The Tesla Model S Long Range Plus is now the first electric car with a 400-mile range. Four hundred miles is getting into what a normal car can do on a tank of fuel, and helps smash an important psychological barrier to electric car adoption.
I’ve driven a lot of electric vehicles (EV). I’ve reviewed just about everything Tesla makes, and I’ve never had any particular worries about “Range Anxiety” — that nagging feeling that EV owners supposedly have where they fret about just how far they can go before running out of electricity.
But it’s something I constantly hear from potential EV buyers before they buy an EV, so it’s a real obstacle to EV adoption. No matter how much EV-proponents bang on about how 99-point-whatever percent of people drive under 20 miles every day, folks will still say “but what if I want to drive to Grandma’s house that’s hundreds of miles away?”
There are two main ways to deal with this. One is an extensive high-speed charging network, to allow EV drivers to stop, stretch their legs and grab a Diet Coke while their car refuels itself — Tesla has done a bang-up job of this with its extensive Supercharger network, while other companies like Electrify America are doing a decent job playing catchup. The other is to build cars with longer and longer electric range, so they don’t have to charge up in the first place.
That’s what the 400-mile Tesla is all about, and it’s been a bit of an adventure to get here. The first Tesla Model S could go an EPA-estimated 265-miles on a charge in 2012, which was still pretty good. That exceeds the (much cheaper) Chevy Bolt’s 237 miles when it debuted in 2016, and Tesla has continued to extend the range of its cars thanks to more advanced battery tech, larger battery packs, and a few other nips and tucks like more aerodynamic wheels, tires with less rolling resistance, and more advanced motors.
The trek to an EPA-estimated 400-mile range has been a little confusing, though. During Tesla’s quarterly earnings call at the beginning of May, Tesla CEO Elon Musk noted that the top range of the Model S was 391 miles — but claimed that EPA estimate was wrong.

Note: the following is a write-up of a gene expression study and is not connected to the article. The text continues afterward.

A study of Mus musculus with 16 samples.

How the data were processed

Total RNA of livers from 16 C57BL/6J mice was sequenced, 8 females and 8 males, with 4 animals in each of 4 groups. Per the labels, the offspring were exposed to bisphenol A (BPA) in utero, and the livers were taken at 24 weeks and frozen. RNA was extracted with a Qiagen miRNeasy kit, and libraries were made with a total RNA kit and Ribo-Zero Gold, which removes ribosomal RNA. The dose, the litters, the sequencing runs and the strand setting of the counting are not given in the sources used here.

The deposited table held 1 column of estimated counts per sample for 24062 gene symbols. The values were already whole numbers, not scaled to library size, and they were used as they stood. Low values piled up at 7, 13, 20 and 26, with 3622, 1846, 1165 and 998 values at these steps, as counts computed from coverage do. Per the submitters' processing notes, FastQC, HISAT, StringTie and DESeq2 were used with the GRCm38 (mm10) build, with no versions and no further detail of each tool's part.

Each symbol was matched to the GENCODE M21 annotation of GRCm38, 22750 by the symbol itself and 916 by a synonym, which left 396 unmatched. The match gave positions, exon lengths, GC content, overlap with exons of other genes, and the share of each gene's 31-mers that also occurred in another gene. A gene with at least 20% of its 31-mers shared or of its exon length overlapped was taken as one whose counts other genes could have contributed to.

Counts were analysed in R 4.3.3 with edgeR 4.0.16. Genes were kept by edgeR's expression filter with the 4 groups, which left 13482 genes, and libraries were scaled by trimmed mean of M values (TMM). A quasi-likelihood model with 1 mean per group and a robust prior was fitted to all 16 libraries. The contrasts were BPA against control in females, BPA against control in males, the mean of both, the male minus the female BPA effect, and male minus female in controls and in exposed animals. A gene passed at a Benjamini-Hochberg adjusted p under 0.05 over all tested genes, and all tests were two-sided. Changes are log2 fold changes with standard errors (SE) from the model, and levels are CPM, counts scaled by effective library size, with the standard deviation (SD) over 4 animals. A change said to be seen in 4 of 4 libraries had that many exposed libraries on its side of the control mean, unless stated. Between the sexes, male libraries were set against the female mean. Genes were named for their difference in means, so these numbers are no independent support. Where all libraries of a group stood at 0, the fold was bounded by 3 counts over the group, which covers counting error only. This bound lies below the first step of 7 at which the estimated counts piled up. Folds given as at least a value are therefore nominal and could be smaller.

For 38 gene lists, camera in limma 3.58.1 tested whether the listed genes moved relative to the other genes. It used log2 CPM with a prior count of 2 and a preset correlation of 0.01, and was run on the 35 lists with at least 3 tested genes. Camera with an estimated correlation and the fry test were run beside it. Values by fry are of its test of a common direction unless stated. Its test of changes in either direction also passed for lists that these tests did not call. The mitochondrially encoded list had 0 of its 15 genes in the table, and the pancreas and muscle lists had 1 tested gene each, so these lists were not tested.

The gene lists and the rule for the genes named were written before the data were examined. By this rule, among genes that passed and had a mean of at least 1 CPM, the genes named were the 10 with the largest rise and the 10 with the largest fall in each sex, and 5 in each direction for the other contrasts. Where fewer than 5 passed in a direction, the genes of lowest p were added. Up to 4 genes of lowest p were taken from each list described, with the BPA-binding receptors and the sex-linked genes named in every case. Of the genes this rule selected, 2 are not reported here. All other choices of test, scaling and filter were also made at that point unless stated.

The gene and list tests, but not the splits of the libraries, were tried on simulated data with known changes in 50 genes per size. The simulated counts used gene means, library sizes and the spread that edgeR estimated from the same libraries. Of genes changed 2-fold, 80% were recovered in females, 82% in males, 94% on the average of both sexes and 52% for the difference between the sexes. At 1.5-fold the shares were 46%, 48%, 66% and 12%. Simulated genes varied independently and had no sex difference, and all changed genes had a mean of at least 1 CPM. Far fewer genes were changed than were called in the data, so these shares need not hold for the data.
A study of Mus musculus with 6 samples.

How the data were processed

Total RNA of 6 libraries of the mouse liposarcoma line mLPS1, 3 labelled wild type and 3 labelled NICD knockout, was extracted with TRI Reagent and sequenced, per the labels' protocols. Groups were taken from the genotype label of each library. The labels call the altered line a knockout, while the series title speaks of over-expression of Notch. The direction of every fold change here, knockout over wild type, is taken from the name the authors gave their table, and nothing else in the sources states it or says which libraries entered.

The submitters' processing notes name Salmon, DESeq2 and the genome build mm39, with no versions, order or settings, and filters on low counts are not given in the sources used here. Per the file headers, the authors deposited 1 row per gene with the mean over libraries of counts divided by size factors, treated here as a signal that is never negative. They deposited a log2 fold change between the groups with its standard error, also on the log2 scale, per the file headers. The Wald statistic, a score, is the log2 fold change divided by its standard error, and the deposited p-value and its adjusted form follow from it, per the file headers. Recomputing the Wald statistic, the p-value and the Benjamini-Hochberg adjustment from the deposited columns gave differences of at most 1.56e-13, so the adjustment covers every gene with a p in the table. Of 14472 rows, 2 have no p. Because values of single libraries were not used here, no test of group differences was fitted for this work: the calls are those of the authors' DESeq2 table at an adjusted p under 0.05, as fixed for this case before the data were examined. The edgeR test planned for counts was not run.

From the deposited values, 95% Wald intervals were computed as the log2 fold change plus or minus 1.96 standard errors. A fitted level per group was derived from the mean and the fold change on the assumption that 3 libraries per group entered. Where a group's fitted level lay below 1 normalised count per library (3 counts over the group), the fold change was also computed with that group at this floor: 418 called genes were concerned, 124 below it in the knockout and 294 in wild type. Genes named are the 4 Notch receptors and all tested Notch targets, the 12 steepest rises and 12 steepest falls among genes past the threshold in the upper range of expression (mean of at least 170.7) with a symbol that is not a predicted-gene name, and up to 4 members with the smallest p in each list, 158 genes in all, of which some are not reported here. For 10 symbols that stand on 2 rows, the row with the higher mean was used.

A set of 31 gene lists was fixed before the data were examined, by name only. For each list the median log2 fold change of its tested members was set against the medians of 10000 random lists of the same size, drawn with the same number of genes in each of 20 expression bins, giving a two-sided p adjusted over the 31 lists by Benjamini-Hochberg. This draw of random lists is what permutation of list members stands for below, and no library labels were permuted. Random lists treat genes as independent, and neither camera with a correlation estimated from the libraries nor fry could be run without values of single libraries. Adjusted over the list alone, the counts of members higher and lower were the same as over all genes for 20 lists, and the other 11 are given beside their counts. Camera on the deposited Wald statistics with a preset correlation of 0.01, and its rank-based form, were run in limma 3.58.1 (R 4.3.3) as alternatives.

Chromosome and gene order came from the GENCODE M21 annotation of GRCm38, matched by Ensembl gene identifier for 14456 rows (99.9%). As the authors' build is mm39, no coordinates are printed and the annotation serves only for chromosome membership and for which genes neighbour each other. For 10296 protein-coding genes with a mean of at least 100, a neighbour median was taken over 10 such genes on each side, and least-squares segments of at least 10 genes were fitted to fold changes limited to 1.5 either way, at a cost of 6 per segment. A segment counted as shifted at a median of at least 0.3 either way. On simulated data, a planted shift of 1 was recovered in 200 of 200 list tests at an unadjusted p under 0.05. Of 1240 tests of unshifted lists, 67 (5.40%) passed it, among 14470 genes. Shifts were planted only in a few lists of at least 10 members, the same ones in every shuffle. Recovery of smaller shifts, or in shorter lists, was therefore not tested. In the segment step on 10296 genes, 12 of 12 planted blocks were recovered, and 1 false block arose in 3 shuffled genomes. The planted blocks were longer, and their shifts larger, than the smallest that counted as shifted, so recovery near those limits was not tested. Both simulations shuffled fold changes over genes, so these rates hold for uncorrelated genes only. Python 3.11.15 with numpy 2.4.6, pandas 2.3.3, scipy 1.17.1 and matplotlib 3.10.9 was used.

“Actually… the real Model S range is 400 miles. But when we did the last EPA test, unfortunately, EPA had left the car door opened and the keys in the car — this is overnight. And so the car actually went into waiting-for-driver mode and lost 2% of its range. As a result, it had a 391 test,” he explained.
The Tesla Model S is the largest of the company’s sedans.Photo courtesy of Tesla
The EPA denied this claim, saying that it tested the vehicle properly and noting that it was happy to discuss technical issues with Tesla privately as it does with all automakers.
Well, it seems that Elon was right. Tesla announced in a blog post this week that the top-range Model S has an “official EPA-estimated range of 402 miles.” Sure, that 11 mile-increase in range won’t actually affect anyone who buys the thing — it has the same range regardless of what the EPA says, of course — but triumphing over that oh-so-important psychological barrier of 400-miles makes a difference. Probably.
It’s also worth noting that few EVs even breaks the 300-mile barrier. The closest contenders (according to the EPA) are:
- 203 miles – 2020 Porsche Taycan 4S Performance Battery Plus
- 204 miles – 2020 Audi E-tron
- 218 miles – 2021 Audi E-Tron Sportback
- 226 miles – 2020 Nissan Leaf Plus
- 234 miles – 2020 Jaguar I-Pace
- 243 miles – 2020 Kia Soul Electric
- 258 miles – 2020 Hyundai Kona Electric
- 259 miles – 2020 Chevrolet Bolt EV
- 328 miles – 2020 Tesla Model X
- 330 miles – 2020 Tesla Model 3
- 373 miles – 2020 Tesla Model S
The 2021 Ford Mustang Mach-E is slated to have 300 miles of range as “a target” according to Ford.com.